The Act came into force on 1 July 1997 and applies throughout England and Wales. (The Act does not apply to Scotland or Northern Ireland).
The Act is intended to enable development whilst protecting adjoining owners and their occupiers. It places obligations on the owner who wishes to undertake such development to notify their neighbours in writing of what is proposed.
If necessary, the Act then provides statutory procedures for appointing surveyors who then resolve matters by way of an ’award’. An award prescribes the format that the person carrying out the work is required to adopt. It does not allow an adjoining owner to stop someone exercising his or her rights to conduct work under the Act, but it does ensure that the works are performed in such a manner that protects the adjoining owners’ interests.
The Act provides a Building Owner, who wishes to carry out various sorts of work to an existing party wall, with additional rights going beyond ordinary common law rights.
The most commonly used rights are:
- to build a new wall on your own land, up to the line of junction or astride the line of junction.
- to repair a party wall
- to insert a damp proof course
- to underpin the whole thickness of a party wall (for example, to prevent settlement)
- to cut into a party wall to take the bearing of a beam (for example for a loft conversion).
- to raise the height of a party wall (for example, adding another storey).
- to extend a party wall downwards (for example, to form a basement)
- to cut off projections from a party wall (or from an adjoining owner’s boundary or external wall) if necessary to build a new wall adjacent to that wall (for example, removing a chimney breast).
excavation under the 3 or 6 meter rule.
Some works on a party wall may be so minor that service of notice under the Act would be generally regarded as not necessary.
- drilling into a party wall to fix plugs and screws for ordinary wall units or shelving
- cutting into a party wall to add or replace recessed electric wiring and sockets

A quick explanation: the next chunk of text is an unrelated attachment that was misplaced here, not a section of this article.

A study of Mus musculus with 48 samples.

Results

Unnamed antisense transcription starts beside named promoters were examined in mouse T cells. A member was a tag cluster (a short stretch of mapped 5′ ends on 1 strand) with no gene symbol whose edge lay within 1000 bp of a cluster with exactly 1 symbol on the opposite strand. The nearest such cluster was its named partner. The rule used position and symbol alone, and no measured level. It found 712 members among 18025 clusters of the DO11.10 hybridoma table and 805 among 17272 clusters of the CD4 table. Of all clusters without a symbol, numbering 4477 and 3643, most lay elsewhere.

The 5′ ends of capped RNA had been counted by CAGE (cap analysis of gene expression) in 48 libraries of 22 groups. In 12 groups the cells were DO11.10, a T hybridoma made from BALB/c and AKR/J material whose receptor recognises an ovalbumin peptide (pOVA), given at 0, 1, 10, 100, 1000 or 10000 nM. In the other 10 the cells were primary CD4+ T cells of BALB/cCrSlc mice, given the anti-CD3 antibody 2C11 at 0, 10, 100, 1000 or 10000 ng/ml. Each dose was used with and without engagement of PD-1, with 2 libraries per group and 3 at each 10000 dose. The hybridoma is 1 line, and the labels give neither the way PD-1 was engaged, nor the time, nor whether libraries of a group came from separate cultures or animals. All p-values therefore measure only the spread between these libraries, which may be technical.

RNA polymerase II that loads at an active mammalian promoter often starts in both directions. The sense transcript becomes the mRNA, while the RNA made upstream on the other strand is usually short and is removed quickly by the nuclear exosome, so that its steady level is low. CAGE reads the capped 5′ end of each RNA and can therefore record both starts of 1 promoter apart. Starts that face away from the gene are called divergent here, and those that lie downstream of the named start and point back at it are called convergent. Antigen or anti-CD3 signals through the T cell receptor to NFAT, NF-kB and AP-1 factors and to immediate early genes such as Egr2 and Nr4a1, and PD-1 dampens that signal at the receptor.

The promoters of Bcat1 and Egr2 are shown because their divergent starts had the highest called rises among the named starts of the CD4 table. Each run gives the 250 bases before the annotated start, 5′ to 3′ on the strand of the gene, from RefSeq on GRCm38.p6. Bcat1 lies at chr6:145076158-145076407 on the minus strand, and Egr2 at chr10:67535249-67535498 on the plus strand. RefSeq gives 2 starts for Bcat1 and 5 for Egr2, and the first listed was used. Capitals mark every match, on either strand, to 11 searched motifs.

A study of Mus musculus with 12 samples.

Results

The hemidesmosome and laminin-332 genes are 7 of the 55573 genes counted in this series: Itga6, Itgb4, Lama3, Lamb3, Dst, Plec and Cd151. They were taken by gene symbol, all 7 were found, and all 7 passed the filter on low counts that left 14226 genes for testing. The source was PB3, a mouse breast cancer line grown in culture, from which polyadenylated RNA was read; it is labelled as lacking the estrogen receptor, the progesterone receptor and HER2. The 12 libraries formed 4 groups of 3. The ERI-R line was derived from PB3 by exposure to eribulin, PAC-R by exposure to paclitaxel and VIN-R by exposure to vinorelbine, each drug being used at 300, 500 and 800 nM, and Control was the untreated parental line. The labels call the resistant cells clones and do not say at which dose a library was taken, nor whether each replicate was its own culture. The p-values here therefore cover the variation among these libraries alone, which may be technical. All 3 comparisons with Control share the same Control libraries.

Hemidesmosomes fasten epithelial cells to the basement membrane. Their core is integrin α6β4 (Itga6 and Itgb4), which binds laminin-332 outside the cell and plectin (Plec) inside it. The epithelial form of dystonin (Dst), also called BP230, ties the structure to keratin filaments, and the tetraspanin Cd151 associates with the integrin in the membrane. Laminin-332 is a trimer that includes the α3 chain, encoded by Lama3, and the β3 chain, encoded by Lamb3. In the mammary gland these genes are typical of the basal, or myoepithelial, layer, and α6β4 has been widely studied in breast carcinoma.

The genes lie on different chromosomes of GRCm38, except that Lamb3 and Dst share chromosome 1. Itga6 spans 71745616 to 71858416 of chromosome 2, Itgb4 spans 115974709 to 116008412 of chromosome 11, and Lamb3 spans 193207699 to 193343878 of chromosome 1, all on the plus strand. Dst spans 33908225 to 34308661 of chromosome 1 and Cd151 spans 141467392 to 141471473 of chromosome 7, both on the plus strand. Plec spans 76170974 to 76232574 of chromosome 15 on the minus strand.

- removing old plaster and re-plastering may all be too minor to require a notice under the Act.
However, the key point is whether your planned work might have any possible consequences for the structural strength and support functions of the party wall as a whole, or cause damage to the Adjoining Owner's side of the wall. If you are in doubt about whether your planned work requires a notice you might wish to seek advice from a qualified building professional.
Can the Act be used to resolve a boundary dispute?
No. The Act does not contain any provision that could be used to settle a boundary line dispute.
Such disputes can be resolved through the courts or through alternative dispute resolution procedures (which may be simpler, quicker and cheaper), for example mediation, decision by an independent expert or arbitration.
Does the Act supersede other legal rights including common law rights?
Common Law rights are restricted by this Act only to the extent that the Act would take precedence on any matter for which it makes provision and only when the correct notices have been given and the procedures correctly followed. Any other rights, easements or covenants are not affected.
I have planning permission and building regulations approval - do I still have to go through the procedures in the Act?
The Act is separate from planning or building regulations control. Therefore, even if a building owner has planning permission and/or building regulations approval, they should still go through the proper procedures with their adjoining owners under the Act. However, not all work covered by the Act will require planning permission and/or building regulations approval.